Vedanta Base Metals Chief Executive Officer, Chris Griffith, is reported to have been talking to a range of financing partners to raise money for a restart of its Konkola Copper Mines(KCM) unit in Zambia, including the sale of a minority stake in KCM.
He said on Wednesday at the Mining Indaba in South Africa, according to Mining Weekly, that Vedanta would remain the majority shareholder in the unit if a minority stake was sold.
Zambia agreed last September to return control of KCM to Vedanta, which is owned by Indian billionaire Anil Agarwal, ending a row over the ownership of the assets that erupted in 2019 when authorities seized the mines.
Vedanta would retain a majority stake and operational control in KCM, in which the Zambian government also owns a 20 percent stake through State firm ZCCM-IH.
Griffith said the financing could be raised in stages and much would depend on the structure of the deal.
From the historical background, ties between Zambia and Vedanta soured after former President Edgar Lungu’s government orchestrated the seizure of the KCM assets and forced liquidation in May 2019, after accusing the company of failing to meet plans to invest in increasing mining output.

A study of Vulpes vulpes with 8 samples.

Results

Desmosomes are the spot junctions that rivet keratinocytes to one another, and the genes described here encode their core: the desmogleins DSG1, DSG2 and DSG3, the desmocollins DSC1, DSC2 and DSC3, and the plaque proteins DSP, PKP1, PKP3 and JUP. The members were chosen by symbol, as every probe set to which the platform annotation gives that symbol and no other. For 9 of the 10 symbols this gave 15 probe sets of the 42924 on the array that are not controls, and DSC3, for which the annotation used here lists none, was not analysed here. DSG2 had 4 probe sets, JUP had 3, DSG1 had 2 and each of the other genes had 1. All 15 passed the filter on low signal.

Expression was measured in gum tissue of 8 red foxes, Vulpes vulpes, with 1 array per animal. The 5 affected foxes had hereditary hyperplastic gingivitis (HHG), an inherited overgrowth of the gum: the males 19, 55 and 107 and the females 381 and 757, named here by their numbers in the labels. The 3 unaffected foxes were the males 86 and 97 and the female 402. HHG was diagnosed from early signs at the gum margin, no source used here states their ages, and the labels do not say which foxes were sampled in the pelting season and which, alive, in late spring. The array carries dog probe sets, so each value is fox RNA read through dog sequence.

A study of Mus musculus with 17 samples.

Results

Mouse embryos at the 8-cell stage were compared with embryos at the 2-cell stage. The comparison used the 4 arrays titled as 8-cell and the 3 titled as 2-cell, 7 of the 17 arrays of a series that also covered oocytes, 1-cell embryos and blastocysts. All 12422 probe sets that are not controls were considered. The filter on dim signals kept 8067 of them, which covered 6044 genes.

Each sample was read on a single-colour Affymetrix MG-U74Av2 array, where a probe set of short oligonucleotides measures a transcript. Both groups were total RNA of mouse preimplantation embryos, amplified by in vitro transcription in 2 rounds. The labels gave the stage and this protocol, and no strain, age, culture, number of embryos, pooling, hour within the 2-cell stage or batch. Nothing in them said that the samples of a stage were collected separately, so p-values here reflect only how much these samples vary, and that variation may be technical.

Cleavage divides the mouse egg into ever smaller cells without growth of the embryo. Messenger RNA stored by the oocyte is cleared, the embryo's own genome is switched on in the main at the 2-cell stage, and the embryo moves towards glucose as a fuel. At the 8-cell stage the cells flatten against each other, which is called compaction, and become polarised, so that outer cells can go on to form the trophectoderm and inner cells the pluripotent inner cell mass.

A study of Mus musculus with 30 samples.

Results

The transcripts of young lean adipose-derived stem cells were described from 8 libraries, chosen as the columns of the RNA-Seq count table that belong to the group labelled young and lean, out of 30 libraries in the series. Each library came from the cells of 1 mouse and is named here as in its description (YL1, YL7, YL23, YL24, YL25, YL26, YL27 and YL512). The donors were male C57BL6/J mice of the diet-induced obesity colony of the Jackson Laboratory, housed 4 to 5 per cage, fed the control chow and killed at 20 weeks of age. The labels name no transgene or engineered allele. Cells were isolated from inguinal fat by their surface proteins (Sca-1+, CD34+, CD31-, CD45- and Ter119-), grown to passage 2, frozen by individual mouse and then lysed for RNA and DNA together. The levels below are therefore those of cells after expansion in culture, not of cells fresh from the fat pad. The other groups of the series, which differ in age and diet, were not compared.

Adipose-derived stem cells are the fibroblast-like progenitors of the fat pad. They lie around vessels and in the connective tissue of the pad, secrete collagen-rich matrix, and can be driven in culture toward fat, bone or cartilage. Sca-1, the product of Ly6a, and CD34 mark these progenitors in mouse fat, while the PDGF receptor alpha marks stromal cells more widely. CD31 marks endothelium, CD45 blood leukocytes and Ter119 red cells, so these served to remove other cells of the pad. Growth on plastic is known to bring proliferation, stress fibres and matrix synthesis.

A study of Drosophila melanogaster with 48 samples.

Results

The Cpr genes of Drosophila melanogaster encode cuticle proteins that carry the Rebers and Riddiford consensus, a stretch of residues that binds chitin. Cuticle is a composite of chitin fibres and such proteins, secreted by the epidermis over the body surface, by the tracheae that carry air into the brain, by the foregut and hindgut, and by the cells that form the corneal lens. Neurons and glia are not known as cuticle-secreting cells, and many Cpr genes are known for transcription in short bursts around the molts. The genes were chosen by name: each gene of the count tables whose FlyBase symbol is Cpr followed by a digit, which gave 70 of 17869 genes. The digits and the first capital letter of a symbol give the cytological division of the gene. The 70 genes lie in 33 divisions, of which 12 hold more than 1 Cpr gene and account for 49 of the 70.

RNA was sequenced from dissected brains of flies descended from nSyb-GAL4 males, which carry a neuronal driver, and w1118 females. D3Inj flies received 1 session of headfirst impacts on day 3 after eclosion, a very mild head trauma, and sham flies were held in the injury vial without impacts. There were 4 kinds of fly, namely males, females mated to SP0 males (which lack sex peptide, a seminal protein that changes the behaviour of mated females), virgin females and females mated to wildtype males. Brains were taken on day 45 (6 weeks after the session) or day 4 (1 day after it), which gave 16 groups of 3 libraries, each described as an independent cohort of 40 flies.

According to Reuters, since then operations had nearly ground to a halt and the operations were “heavily loss-making”.
Vedanta could raise copper output at KCM’s mines to about 200,000 tonnes after taking over operational control of the assets.
“We have a plan, we know what needs to be done, so the moment we get the keys back, we start,” said Griffith, a South African mining veteran, who was appointed to run the base metals unit last year.
He said while Vedanta had pledged about $1 billion in spending at the operations over five years, it did not need to raise all the financing in one go.